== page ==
A symbol of Sidney’s fight to become a municipality in the early 1900s has been rediscovered and soon it will be available for all to see.
But it’s not as though this piece of Sidney’s history was lost altogether.
Brad Morrison of the Sidney Archives heard about a map dating from 1913, hanging in the Town’s public works building. He found it there, a tall frame with glass encasing the map — hanging on a wall behind a working wood lathe in the carpenters’ shop.
Morrison said he immediately knew it was the real thing and it needed to get a bigger audience.
So, he has arranged with the Town to have the map removed from the works yard and have it put on display at the Sidney Museum on Beacon Avenue.
“It’s the map that the Town produced for the first time it asked to be incorporated as a municipality,” Morrison said.
In an excerpt from the Town of Sidney’s Town Talk newsletter, Morrison penned a brief outline of what happened in 1913 when the Sidney Board of Trade petitioned the province to become a village.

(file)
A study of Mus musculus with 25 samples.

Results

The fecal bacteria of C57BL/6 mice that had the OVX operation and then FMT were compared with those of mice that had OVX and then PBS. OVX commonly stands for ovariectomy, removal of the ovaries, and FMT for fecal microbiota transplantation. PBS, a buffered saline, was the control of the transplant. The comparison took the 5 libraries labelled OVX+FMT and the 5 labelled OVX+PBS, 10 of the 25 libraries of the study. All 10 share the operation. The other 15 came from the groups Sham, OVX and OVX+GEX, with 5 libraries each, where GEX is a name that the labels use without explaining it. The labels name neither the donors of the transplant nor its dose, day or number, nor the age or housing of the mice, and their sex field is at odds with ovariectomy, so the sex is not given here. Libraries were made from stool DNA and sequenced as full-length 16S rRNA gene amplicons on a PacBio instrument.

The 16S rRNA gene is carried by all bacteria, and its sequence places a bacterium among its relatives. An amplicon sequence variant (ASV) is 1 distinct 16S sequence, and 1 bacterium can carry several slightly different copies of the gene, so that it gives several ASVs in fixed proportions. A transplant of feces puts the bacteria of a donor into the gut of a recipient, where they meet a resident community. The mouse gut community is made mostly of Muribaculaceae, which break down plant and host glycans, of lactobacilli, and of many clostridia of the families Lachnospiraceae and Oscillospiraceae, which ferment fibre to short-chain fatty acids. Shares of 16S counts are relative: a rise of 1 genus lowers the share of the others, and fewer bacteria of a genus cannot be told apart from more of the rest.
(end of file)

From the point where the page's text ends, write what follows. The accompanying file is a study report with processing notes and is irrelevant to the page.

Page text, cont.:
The Premier, citing the trouble of other smaller B.C. communities to take on the financial responsibilities of being a municipality, rejected Sidney’s bid. It was, after all, only the year before that the Board of Trade — and the Sidney and Islands Review newspaper — was formed. It took nearly another 40 years until Sidney was declared a village in 1952. It was incorporated as the Town of Sidney in 1967.
The 1913 map shows the Board of Trade was hopeful that year — it says it’s a “map of Sidney, incorporated in 1913.”
Dan Loveridge and Jim Iverson, carpenters for the Town, found the map in their building six or seven years ago. No one seems quite sure when it was placed there, most estimating that it probably arrived there 20 years ago. Prior to that, it was stored in the basement of town hall. Morrison noted it may have been on display at some point after it was created.
Loveridge and Iverson said they enjoyed having it up on the wall.
It shows early residential areas, three rail lines and a rail terminal wharf on the waterfront. It’s also missing a few things that would come later — the Pat Bay Aerodrome (now Victoria International Airport) in 1938/’39 and the Pat Bay Highway that essentially cut the community in half.
The fact the map has printed on it: “Sidney, incorporated in 1913” makes the map a bit of a novelty, Morrison said — at the very least a one-of-a-kind.